We all know planning ahead can help us reach our goals more easily, but when it comes to actually doing the planning well that’s not quite as easy. What got me thinking about planning was listening to the latest podcast Planning Ahead again where Laura shared the way she has helped her son plan for his independent future. I have suddenly realised that time is running out for me to make sure my daughter has clear goals that will get her to a place where independent living can be her reality. It’s fine me going on about how she will be independent, but it simply won’t happen unless there is a clear plan about how the skills she will need are to be developed and learnt.
That’s not to say I’m completely unprepared and haven’t done any planning. There are many things we do as a family to prepare her. She would argue she is a bit like Cinderella doing all the cooking and cleaning around the house. Not quite true but over the last couple of years, there has been a focus on getting her to cook both for herself and the family. She even knows how the washing machine and dishwasher work.
I think listening to Laura talk about her son resonated because she has got him to exactly where I hope I get my daughter to in a few years: he’s just about to leave full-time education equipped with many of the skills he needs for independent living. More importantly, he knows exactly what the next steps will be. He has avoided that going off the cliff edge you will have heard mentioned when it comes to what happens to our children once they finish full-time education.
There is no doubt that one of the main reasons for this success is the level of planning that he and his family have put in. To quote Laura, “We never concentrate on the present, it’s the future you’ve got to always be thinking about.”
So, a great idea but how to do it? Laura’s strategy was to sit down and make a list of what her son wanted to do, at least in terms of what job he might do. This is the big one really because a key part of independence is always going to be linked to a job. So, making a list of all the areas they may want to work in, then going through the list together and considering each option, very honestly, makes sense. This is a conversation I have started with my daughter, but I need to do it in a more structured way.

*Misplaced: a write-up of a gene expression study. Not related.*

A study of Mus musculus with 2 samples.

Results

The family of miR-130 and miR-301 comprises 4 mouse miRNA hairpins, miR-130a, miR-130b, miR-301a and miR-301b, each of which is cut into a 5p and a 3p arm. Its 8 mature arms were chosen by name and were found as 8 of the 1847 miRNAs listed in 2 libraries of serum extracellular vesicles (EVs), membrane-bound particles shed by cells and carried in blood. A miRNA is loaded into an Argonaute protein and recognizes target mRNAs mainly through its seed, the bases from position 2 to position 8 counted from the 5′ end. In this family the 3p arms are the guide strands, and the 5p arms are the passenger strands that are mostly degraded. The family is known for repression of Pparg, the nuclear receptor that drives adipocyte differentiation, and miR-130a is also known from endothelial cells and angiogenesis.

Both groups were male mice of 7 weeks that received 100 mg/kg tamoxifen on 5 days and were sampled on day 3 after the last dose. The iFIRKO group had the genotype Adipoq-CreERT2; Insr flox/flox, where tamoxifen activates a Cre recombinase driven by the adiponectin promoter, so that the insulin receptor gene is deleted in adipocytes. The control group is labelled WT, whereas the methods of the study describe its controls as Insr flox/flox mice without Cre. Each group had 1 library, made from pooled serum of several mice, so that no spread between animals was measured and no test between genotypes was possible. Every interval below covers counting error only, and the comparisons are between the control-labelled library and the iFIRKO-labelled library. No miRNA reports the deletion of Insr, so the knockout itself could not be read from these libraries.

In terms of really getting goals written down with a structure, I plan to use the S.M.A.R.T approach. This stands for Specific, Measurable, Achievable, Realistic and Time-Bound. You may have seen this acronym before but if not, the idea is to set goals that have all of these elements. So, a goal I might set with my daughter would be “Cook a lasagne for the family without any help by the end of this year“.
This is a very clear goal even down to the dish she is to cook so passes the specific test. It is measurable because we will be eating lasagne if she achieves it. It is achievable because it is based on what we know about her cooking skills and that is that she is ready for this next step. It is realistic also because we have been working with her and she is already doing a lot of the preparation and cooking by herself. It is time-bound because we have said exactly when we want her to have achieved this.
I think using SMART goals will work really well for my daughter. She likes to know what’s happening in her life so that’s specific and measurable covered. Achievable and realistic are in part down to us as parents, we will have to make judgements on what she is ready to do, although the big issue here is that we must be careful not to underestimate her abilities. Time-bound is very important too. Like I said earlier, I can tell the world how I want my daughter to be independent, I can believe it but if I’m not really working to a plan to achieve it then it’s very unclear when it might happen. I do have a vague notion I would like her living away from home by 25. So, setting a time frame to achieve certain skills will ensure she is always moving forward towards that independence.
What goals to start with? As I mentioned above, work will be the main thing that needs careful planning. I do plan to put in other things as well including skills around daily living. The example above is an actual goal but I’m thinking there will also be other goals linked around this such as shopping independently to buy all the food she might need to make a meal. We are having some challenges with social media at the moment, so there is bound to be a goal around that too. Budgeting and dealing with money will also need some clear goals.
Of course, any plan I do make is very likely to be interrupted by unexpected events, or by a realisation that my daughter can do more than I think she can, or that some of the goals set for her need to be delayed or extended.
Using this clear goal approach has helped Laura enable her son to be independent but in a very structured way. This “helping hand” approach is a tactic that many parents use to help guide the way for their children, and it’s something that allows them to gain the confidence they need to live a more independent life. It’s one I plan to replicate and use with real purpose. It’s time I was more SMART.